TERANGA (159 Augusta, at Dundas, 416-849-9777) Complete dinners for $30 per person (lunches $25), including all taxes, tip and a baobab cocktail. Average main $15/$12. Open Sunday, Tuesday to Thursday noon to 10 pm, Friday and Saturday noon to 2 am. Closed Monday. Licensed. Cash only. Access: 20 steps at door, washrooms on same floor. Rating: NNN
Teranga, the latest addition to Kensington Market’s crazy culinary quilt, has a lot of good things going for it.
Not only is it Toronto’s sole Senegalese restaurant and thus automatically a dining destination, but it’s also located directly across the street from the Boat, the Portuguese dive that miraculously morphed into one of downtown’s most popular hipster haunts. Plus, it’s huge, the kitchen stays open till 2 am on weekends, and it’s licensed. Sounds like a licence to print money to me.
Owner/chef Amidou Goudiaby’s menu of West African grub is often very good, too, just not very green. Here, broccoli is strictly byob. Order thiebou djeun ($19.95), Senegal’s national dish, and get a massive pile of tomato-flavoured short-grain rice topped with a humongous chunk of carrot, another of woody cassava, a wilted leaf of winter cabbage and a meaty slab of grouper. The only green on view is the minced parsley stuffing under the fish.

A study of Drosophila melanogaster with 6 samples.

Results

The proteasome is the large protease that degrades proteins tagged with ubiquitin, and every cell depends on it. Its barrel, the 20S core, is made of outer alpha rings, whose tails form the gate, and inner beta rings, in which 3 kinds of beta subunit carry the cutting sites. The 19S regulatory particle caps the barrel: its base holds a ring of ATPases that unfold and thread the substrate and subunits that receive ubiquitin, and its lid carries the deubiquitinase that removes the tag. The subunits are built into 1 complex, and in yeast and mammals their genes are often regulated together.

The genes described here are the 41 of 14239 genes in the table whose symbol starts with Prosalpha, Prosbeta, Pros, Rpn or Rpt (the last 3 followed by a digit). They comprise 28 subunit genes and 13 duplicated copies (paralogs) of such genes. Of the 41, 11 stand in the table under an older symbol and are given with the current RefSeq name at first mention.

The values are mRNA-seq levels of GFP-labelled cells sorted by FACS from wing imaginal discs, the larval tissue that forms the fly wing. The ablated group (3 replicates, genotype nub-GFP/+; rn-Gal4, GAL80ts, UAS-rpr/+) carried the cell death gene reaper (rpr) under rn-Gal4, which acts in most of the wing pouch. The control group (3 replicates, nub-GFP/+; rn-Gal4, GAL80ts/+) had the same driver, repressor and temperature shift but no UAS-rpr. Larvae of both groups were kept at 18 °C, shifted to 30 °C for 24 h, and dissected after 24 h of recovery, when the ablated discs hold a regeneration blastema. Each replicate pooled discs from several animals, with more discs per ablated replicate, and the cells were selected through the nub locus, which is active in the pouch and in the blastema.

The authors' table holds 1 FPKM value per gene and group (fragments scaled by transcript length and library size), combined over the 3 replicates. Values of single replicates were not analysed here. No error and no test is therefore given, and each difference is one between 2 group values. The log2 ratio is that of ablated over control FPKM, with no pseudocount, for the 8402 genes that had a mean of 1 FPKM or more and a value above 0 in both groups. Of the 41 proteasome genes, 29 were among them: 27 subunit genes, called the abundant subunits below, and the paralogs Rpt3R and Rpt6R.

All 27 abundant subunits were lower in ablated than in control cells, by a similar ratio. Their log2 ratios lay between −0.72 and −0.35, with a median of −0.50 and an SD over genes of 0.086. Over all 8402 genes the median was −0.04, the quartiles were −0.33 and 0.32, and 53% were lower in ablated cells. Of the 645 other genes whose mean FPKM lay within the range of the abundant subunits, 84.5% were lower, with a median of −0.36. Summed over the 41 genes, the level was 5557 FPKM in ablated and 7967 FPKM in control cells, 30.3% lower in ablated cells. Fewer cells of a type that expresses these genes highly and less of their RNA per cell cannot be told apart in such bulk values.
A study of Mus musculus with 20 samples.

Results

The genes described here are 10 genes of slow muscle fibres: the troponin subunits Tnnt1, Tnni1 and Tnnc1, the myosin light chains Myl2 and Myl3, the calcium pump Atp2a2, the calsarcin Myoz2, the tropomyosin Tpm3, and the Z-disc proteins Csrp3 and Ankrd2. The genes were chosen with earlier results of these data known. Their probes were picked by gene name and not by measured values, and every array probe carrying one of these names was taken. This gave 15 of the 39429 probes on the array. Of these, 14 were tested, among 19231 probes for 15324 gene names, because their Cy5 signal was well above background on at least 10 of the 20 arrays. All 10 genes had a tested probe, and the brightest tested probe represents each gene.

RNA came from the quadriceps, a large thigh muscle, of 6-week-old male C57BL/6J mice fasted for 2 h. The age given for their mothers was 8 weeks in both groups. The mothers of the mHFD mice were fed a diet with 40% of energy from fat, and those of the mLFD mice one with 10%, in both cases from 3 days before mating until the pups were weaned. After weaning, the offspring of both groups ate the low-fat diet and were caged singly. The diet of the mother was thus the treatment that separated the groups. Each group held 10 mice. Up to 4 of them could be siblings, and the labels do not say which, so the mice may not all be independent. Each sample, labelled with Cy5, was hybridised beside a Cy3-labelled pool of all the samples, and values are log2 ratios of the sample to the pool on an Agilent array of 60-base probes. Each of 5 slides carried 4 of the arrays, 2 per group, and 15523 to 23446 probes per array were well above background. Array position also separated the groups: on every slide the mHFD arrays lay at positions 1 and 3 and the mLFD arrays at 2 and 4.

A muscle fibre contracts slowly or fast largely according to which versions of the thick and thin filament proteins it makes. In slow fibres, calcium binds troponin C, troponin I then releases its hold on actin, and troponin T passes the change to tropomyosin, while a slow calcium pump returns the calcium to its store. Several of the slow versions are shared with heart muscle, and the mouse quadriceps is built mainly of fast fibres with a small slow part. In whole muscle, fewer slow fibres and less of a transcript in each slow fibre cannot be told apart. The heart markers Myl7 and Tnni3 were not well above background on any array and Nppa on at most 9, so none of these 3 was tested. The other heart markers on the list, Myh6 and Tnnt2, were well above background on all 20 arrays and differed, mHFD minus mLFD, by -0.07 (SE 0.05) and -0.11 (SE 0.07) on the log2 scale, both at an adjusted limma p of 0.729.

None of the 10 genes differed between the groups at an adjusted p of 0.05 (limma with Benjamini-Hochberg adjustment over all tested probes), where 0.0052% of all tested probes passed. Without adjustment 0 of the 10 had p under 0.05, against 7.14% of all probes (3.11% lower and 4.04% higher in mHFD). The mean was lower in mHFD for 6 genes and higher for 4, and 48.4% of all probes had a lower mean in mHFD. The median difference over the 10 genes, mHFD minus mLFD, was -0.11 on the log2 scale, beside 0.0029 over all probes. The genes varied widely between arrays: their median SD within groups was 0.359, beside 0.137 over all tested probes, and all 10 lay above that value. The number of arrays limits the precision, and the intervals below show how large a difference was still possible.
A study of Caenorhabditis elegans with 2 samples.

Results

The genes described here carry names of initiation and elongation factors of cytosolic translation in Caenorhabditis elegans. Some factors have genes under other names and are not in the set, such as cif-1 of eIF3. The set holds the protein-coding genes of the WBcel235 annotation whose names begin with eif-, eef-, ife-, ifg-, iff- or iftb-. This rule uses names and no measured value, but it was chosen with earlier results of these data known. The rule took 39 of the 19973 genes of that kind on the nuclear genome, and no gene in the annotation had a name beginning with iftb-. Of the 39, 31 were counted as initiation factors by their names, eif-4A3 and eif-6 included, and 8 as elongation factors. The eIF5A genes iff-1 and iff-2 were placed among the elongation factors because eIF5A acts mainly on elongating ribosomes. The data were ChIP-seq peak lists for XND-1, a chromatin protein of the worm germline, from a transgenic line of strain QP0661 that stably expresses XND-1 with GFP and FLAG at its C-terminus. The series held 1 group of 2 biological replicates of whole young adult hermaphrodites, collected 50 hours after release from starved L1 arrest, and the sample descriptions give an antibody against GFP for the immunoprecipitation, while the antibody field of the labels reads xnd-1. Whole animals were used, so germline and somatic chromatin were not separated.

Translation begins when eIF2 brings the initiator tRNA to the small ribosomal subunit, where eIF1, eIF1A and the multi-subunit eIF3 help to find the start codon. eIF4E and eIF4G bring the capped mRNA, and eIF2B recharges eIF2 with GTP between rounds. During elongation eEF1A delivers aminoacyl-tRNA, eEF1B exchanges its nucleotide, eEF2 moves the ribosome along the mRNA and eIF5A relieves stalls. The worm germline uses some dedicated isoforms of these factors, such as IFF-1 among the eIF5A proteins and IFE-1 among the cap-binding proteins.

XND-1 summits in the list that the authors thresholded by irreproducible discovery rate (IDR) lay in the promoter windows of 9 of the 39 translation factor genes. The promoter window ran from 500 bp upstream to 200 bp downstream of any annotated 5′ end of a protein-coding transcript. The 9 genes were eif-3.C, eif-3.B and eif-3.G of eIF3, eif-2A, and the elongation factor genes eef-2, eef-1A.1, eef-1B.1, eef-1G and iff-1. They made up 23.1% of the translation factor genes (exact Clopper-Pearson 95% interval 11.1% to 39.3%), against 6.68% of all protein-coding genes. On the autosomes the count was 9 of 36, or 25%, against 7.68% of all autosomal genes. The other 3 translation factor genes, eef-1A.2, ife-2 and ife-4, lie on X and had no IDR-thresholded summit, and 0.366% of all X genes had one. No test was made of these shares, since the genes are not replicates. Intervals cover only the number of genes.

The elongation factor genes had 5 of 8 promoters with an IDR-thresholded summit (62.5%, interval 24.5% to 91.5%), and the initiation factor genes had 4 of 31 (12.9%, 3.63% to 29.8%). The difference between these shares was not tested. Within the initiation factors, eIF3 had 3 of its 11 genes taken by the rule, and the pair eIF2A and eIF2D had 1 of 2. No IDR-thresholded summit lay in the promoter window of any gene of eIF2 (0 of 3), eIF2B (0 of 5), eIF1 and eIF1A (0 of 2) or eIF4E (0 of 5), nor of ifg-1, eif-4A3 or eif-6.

Maffe ($12.95) sees tender cubes of nearly deboned beef and the occasional carrot in a light tomato sauce sided with rice, couscous or an amorphous blob of sticky cassava fufu (think deflated soccer ball). File soup kandja ($17.95 with rice) under acquired tastes. More stew than soup, it finds on-the-bone pieces of lamb slow-braised in a fishy and slightly sour palm oil sauce thick with chopped okra.
The uninitiated should probably start with yassa chicken ($12.95), a grilled thigh and leg layered with lemony caramelized onion and whole cloves of garlic that have somehow managed to be neutered in the cooking process. And much too much rice. Add the tiniest bit of the house’s fiery hot sauce and you’ll have an inkling how the Flaming Lips got their name.
Speaking of music, do we really need to be subjected to a blaster tuned to E-Z Rock during dinner when there’s a stack of Youssou N’Dour and Baaba Maal CDs on the bar? Still, even Billy Freakin’ Joel goes down better after a second slice of sweet coconut cassava cake ($1.50) and a third baobab juice and vodka ($6).